Sometimes an unshakable part of modern mythology isn't developed over time in a writer's imagination, but in an on-the-fly improvisation that sends ripples through decades of stories to follow. That's a particularly strong possibility when you're dealing with something like "Star Trek." It began as a relatively humble TV show in the 1960s but has gone on to spawn countless other TV series, films, books, video games, and so on, all of which together form the massive tapestry known as the "Star Trek" canon.

Given that, it can be hard to imagine that one of the most familiar aspects of the "Star Trek" mythos came about as the result of an improvised moment between Leonard Nimoy and William Shatner on the original "Star Trek" series. But according to a bit of "Star Trek" production lore, that is precisely what happened way back when the 1966 "Star Trek" episode "The Enemy Within" was being filmed.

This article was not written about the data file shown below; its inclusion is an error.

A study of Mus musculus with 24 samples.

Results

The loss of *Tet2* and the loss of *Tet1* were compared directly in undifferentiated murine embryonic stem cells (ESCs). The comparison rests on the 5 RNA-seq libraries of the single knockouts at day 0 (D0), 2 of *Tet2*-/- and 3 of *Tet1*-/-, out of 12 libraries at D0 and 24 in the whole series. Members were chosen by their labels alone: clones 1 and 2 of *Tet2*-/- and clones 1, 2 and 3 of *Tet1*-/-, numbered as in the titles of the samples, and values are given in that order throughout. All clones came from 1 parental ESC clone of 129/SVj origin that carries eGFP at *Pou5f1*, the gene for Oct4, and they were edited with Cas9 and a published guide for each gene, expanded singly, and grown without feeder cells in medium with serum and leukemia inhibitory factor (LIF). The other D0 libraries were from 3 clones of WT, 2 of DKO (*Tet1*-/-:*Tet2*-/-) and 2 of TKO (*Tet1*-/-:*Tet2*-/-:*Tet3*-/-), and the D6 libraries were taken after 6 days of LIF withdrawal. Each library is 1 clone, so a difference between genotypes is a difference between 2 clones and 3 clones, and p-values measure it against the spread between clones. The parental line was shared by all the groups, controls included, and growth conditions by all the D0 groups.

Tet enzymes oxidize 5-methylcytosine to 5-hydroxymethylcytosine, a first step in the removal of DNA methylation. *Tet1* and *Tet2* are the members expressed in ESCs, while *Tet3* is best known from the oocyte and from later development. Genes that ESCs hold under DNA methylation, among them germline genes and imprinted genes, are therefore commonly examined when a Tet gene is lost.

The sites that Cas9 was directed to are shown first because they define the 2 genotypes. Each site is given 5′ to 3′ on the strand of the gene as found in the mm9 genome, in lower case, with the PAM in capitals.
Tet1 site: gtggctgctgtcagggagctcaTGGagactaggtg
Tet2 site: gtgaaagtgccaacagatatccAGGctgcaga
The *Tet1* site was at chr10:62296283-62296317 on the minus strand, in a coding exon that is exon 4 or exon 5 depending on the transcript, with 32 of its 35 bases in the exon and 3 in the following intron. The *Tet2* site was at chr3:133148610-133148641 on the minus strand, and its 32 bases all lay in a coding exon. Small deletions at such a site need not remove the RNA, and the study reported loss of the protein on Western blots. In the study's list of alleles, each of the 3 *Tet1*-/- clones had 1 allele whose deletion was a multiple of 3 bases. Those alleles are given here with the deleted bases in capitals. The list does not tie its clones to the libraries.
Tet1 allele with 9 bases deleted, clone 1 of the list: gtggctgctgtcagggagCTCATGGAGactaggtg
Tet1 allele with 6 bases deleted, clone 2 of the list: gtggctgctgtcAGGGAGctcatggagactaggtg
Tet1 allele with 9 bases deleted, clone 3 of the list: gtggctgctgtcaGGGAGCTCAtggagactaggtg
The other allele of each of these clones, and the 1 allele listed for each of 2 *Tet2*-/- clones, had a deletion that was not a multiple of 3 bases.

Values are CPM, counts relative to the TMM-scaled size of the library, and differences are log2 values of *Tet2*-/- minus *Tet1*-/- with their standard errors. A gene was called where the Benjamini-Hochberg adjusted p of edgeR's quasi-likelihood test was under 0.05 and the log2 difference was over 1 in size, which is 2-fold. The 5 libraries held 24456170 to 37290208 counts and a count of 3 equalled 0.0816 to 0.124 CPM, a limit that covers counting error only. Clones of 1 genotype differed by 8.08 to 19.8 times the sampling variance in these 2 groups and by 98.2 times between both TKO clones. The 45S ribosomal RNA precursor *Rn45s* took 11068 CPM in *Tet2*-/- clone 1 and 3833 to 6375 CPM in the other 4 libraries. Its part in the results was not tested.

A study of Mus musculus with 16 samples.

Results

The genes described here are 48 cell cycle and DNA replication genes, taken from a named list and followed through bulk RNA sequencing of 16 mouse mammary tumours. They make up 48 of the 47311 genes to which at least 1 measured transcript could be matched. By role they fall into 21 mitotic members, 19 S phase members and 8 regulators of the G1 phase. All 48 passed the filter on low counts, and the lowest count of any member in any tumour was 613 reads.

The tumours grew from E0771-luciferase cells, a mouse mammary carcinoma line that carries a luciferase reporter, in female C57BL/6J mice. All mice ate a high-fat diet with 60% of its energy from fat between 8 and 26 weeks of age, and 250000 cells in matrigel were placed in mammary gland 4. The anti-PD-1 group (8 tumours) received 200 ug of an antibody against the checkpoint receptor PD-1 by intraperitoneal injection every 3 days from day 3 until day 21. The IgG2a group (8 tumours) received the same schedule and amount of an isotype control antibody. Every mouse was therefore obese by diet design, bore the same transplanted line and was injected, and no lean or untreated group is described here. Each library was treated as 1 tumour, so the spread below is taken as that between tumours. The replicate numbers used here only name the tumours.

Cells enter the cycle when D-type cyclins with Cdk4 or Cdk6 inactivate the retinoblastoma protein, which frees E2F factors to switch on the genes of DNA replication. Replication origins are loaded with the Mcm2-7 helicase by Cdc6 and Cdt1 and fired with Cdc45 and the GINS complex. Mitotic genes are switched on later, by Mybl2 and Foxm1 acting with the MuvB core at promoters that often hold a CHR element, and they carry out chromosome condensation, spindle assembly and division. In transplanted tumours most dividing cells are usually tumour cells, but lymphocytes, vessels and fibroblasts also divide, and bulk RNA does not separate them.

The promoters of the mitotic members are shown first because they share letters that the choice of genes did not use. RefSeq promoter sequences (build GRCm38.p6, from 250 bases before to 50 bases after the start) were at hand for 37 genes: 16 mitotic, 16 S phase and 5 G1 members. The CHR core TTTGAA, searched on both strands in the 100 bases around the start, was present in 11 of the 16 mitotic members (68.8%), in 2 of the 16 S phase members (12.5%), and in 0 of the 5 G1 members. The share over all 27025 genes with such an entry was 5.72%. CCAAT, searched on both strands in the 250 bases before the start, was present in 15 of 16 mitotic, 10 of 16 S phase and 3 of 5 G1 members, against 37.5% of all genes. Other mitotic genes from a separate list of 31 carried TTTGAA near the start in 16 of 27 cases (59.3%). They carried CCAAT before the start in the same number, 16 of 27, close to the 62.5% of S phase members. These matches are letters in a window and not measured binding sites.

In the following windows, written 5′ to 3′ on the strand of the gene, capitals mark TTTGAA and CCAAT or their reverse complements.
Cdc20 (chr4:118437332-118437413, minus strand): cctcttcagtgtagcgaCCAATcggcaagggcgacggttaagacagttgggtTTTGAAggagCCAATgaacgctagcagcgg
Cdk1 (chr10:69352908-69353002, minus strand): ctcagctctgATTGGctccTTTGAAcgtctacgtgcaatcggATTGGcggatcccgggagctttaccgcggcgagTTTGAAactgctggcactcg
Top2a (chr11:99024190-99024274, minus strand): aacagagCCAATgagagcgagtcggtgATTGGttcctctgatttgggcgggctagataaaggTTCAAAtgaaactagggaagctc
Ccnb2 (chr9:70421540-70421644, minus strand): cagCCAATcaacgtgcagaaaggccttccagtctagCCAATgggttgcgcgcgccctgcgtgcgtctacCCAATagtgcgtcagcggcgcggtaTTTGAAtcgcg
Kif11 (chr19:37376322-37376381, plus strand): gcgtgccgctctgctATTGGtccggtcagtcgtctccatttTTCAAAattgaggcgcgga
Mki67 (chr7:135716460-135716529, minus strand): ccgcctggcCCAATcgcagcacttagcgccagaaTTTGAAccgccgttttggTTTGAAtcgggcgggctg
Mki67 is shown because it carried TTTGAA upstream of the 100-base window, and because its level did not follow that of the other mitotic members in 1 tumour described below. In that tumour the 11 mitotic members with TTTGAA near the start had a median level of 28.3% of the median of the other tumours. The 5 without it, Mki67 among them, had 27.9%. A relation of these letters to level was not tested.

Leonard Nimoy allegedly came up with the Vulcan nerve pinch himself

In case you need a refresher, "The Enemy Within" is about Captain Kirk (William Shatner) being split into two distinct duplicates after a transporter mishap. One is morally good, and the other is morally bad. At one point in the episode, Spock (Leonard Nimoy) subdues the evil Kirk with what would go on to become one of his signature abilities: the Vulcan nerve pinch.

A 2013 article on the official "Star Trek" site lays out what they refer to as a "well documented" bit of Trekkie trivia, which is that the nerve pinch wasn't included in the episode's original script. Originally, Spock was supposed to knock out the bad Kirk with the much more conventional method of hitting him over the head. As legend has it, though, Nimoy considered this out of character for Spock, someone known for his intelligence and finesse. So, he and Shatner collaborated on an alternate approach, which ended up being Spock subduing the evil Kirk with a simple touch of the neck.

After the initial use of the Vulcan nerve pinch, it became a more and more established part of "Star Trek" lore, and now it's familiar even to non-fans of the series just by sheer cultural osmosis. And it all came from an insightful bit of onscreen improvisation.